Lupin Study

The Project

Adventurers going on hiking or kayaking expeditions near Prince William Sound, Alaska are needed to collect data on lupinus nootkatensis (nootka lupine).  This plant is native to the coastal areas of northwestern North America but has been introduced in many areas for gardening and land reclamation. In Iceland, nootka lupine has been widely sown for land reclamation on barren, eroded volcanic material and now grows in monocultures that cover tens of thousands of hectares. Its use for reclamation has become controversial because it invades and dominates communities of native plants. The original seed source for these introductions was the Prince William Sound area of Alaska. 

 We are seeking seeds from this area so we can examine the evolution of traits during the invasion process in Iceland. For example, a native herbivore in Iceland has shifted hosts to feed on Nootka lupin. We hypothesize that natural selection has favored traits such as rapid vegetation, early reproduction, and loss of seed dormancy – which are especially favorable in a rapidly growing population but which come at the expense of decreased investment in defense against herbivores. This study will help us understand the biology of invasive species and further the potential for biological control.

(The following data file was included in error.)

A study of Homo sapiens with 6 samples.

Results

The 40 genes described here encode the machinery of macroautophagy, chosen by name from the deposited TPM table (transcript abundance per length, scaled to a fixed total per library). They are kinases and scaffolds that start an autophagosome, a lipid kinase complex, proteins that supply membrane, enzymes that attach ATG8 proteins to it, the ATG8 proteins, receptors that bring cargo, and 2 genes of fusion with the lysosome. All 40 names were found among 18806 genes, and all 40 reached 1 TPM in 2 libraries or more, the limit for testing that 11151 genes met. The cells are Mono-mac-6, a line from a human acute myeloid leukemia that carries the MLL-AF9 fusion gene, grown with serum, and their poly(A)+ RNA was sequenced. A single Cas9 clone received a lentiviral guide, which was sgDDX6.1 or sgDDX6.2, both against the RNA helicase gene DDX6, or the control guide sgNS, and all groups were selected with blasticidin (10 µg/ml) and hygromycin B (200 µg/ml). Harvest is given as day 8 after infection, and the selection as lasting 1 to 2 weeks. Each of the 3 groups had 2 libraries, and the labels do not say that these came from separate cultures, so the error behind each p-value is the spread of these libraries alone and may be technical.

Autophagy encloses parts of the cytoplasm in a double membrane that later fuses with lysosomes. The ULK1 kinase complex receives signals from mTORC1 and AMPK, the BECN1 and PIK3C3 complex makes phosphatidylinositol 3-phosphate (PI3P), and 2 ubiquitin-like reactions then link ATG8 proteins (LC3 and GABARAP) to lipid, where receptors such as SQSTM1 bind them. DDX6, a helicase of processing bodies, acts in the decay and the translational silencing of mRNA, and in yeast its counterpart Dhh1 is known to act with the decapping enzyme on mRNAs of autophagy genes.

How will this data be used?

Seeds from Alaska and Iceland will be grown in a common area and compared for a number of biochemical, morphological, and possible genetic characteristics to help us gain a more in-depth understanding of invasive plants in relation to native plants based upon their different traits. 

How Can You Participate?

Volunteers will collect ripe pods from 10 individual plants from widely spaced sites around Prince William Sound. With each collection, we will also need three items of information recorded: 1) GPS coordinates; 2) An indication of plant parts being eaten by insects or other animals; 3) habitat (gravel bar, forest interior, forest edge, beach, etc).